And this is also the crux of what EHT does: it improves angular resolution. But it does not enable measurement of different frequencies. So a larger GW network will be measuring the same frequency ranges that any single GW detector will measure.

More generally, it will be hard for humans to ever directly measure anything that varies over a time period of anything like $10^{10}$ years — basically because you need to actually make your measurements over at least a significant portion of the period to be able to conclude that something is oscillating. And since a human lifespan is only ~100 years, and human civilization has only existed for ~5000 years, we can't directly measure periods much longer than those. Of course, it is possible to look at traces left behind by long-period oscillations over some region of space. And to a certain extent, that's the goal of space-based GW telescope (LISA and its successors) — to probe cosmology. But as for direct measurement of $10^{10}$-year oscillations, the answer is no: that's not going to happen in our lifetimes.


In this sense of the word, the LIGO/Virgo network is already using very-long-baseline interferometry. However, they have an extremely small number of nodes (3) and none of them provide directional information! A single-node network would thus ascribe a single pixel to the entire sky, and you get more and more pixels as you add more detectors. Once again, all the detectors must observe on the same frequencies ($\sim$ kHz) for LIGO/Virgo, interferometry will not be able to change that.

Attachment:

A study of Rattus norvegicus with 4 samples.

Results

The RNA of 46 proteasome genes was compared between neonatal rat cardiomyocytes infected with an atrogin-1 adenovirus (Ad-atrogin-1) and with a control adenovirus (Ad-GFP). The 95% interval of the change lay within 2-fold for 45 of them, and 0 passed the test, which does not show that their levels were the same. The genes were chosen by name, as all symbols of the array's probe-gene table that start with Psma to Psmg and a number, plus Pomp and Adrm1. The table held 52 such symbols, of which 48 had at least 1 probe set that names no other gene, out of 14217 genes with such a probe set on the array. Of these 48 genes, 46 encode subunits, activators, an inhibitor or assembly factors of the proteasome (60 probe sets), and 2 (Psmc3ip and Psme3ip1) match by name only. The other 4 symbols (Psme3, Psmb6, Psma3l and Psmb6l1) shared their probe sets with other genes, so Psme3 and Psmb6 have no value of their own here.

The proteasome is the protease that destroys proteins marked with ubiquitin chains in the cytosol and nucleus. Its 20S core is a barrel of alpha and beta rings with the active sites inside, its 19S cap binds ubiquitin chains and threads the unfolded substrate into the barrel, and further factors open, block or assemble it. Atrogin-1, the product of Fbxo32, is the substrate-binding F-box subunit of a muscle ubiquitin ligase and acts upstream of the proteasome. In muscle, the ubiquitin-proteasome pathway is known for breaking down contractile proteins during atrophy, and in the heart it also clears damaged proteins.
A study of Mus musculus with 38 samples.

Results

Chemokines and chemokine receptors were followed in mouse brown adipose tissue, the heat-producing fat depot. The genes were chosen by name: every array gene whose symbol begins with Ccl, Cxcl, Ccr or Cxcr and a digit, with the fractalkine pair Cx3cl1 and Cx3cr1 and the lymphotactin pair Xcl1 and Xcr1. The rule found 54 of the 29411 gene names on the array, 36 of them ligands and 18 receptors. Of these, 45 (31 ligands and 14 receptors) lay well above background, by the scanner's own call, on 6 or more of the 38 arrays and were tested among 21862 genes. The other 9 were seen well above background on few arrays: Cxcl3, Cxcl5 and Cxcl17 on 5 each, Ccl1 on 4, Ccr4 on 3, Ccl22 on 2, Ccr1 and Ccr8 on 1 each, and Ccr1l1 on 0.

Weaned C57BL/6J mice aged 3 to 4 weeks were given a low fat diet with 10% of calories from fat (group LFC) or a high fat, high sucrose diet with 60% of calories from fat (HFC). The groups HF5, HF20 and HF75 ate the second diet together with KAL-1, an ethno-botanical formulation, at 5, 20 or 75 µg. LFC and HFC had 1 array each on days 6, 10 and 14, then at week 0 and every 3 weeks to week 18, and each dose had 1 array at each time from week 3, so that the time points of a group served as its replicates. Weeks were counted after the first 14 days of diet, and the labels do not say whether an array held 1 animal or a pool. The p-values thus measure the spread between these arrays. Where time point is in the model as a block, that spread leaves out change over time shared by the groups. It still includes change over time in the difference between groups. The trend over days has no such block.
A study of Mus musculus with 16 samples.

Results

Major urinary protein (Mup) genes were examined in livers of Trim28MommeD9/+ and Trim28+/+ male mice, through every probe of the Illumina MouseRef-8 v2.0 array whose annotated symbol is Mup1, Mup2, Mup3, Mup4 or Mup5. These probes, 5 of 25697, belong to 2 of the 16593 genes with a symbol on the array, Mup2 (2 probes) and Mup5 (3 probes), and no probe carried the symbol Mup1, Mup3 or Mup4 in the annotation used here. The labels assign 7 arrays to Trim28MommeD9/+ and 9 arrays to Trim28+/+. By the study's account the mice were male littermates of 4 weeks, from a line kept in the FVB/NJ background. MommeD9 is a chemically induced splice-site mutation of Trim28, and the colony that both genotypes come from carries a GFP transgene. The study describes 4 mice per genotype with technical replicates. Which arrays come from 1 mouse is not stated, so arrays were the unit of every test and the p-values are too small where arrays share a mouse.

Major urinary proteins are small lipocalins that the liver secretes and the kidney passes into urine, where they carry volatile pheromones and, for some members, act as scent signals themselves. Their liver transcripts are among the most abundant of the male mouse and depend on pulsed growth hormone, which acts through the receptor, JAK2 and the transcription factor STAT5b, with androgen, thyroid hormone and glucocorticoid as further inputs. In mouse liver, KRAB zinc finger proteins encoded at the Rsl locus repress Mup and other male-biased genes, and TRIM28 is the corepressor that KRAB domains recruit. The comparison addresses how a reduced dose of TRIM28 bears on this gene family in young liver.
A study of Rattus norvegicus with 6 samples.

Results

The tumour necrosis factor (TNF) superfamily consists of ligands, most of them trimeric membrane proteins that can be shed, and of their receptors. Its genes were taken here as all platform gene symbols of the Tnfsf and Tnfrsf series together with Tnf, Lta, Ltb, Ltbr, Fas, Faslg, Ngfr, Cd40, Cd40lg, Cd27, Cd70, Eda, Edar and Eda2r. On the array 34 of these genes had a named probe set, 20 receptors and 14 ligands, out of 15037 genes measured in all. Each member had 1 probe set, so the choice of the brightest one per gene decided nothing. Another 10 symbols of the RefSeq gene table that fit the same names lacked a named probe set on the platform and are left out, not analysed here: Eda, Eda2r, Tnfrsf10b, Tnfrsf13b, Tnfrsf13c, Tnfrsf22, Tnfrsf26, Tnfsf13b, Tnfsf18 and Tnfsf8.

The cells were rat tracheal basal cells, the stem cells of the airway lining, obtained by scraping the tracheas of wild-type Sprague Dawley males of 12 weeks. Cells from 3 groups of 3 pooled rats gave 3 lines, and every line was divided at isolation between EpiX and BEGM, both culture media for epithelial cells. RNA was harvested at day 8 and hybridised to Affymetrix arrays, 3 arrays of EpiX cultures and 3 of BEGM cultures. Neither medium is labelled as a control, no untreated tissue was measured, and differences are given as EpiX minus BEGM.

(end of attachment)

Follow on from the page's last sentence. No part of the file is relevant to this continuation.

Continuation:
There are projects that want to extend to other frequencies/wavelength. The space-borne detector LISA is planned to observe $\sim$ mHz gravitational waves, and there might be some cosmologically interesting signals in that band (note that the LISA arm length, 25 million killometers, will be way larger than the Earth). However, the greatest promise for coherent old cosmological sources of gravitational-wave observations is the Pulsar Timing Array, that should be able to detect in the $\sim$ nHz regime. In a loose sense of the word, you can understand the Pulsar Timing Array and the way it will be used as a gigantic interferometer-type device.